Diabetes and anaesthesia

15 January 2015 | Posted by

If your pet has been diagnosed with diabetes mellitus what does this mean when they need an anaesthetic?

Been a diabetic dog or cat does not mean you cannot have an anaesthetic. It is important though that your pet’s diabetes is well controlled prior to any non-urgent surgery. In an emergency situation your pet’s diabetes may not have been treated for long enough to allow good stability. This will not stop your veterinary surgeon from administering an anaesthetic, although the risk is likely to be greater.

The most important consideration for your pet is to try to minimise any alteration from their normal routine, particularly with respect to their diet, feeding times and insulin administration. Your veterinary surgeon may recommend some blood tests prior to your pet’s anaesthetic to assess their health status. On the morning of your pet’s anaesthetic you will be advised as to how to manage their diabetes and feeding before you take them to your vets.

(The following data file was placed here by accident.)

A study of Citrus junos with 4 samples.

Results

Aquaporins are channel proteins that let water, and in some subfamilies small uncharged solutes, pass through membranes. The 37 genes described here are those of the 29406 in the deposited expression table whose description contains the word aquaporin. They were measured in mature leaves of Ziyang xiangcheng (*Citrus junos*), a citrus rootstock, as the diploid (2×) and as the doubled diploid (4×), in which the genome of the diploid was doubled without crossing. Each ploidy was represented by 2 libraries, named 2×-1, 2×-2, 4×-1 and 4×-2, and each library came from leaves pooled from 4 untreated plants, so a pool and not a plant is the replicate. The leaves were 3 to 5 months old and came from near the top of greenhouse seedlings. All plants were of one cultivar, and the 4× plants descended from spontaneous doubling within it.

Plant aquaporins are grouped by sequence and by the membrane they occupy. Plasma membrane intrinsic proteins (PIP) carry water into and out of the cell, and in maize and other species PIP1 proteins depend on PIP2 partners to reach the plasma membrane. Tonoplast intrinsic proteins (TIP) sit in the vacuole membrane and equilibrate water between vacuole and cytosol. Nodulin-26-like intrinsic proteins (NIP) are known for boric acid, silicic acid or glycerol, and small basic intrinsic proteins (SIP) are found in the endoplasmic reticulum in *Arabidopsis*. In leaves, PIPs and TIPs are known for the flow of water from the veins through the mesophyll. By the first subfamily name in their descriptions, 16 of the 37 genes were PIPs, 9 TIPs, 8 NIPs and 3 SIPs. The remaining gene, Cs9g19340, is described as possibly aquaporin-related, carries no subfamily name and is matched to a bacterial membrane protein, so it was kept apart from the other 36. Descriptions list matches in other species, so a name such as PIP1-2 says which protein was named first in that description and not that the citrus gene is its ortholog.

After your pet is admitted by your veterinary surgeon they will check their blood sugar levels and administer insulin if it has not already been given. During their stay at the clinic your pet’s blood sugar levels will be monitored on a regular basis to ensure they remain as normal as possible. Your veterinary surgeon will be able to administer additional medications if your pet’s blood sugar levels are too high or too low.

In most cases the anaesthetic your pet receives will be similar to a pet without diabetes. During their anaesthetic your pet will be monitored by a veterinary nurse and at a referral centre a veterinary anaesthetist is likely to also be involved. Some problems that may be encountered with a diabetic pet during their anaesthetic are low blood pressure and a high heart rate.

When you collect your pet to take them home you will be advised as to how to mange their diabetes during their recovery period. Most importantly you should return them to their normal routine as soon as possible to minimise any disruption to their diabetic management.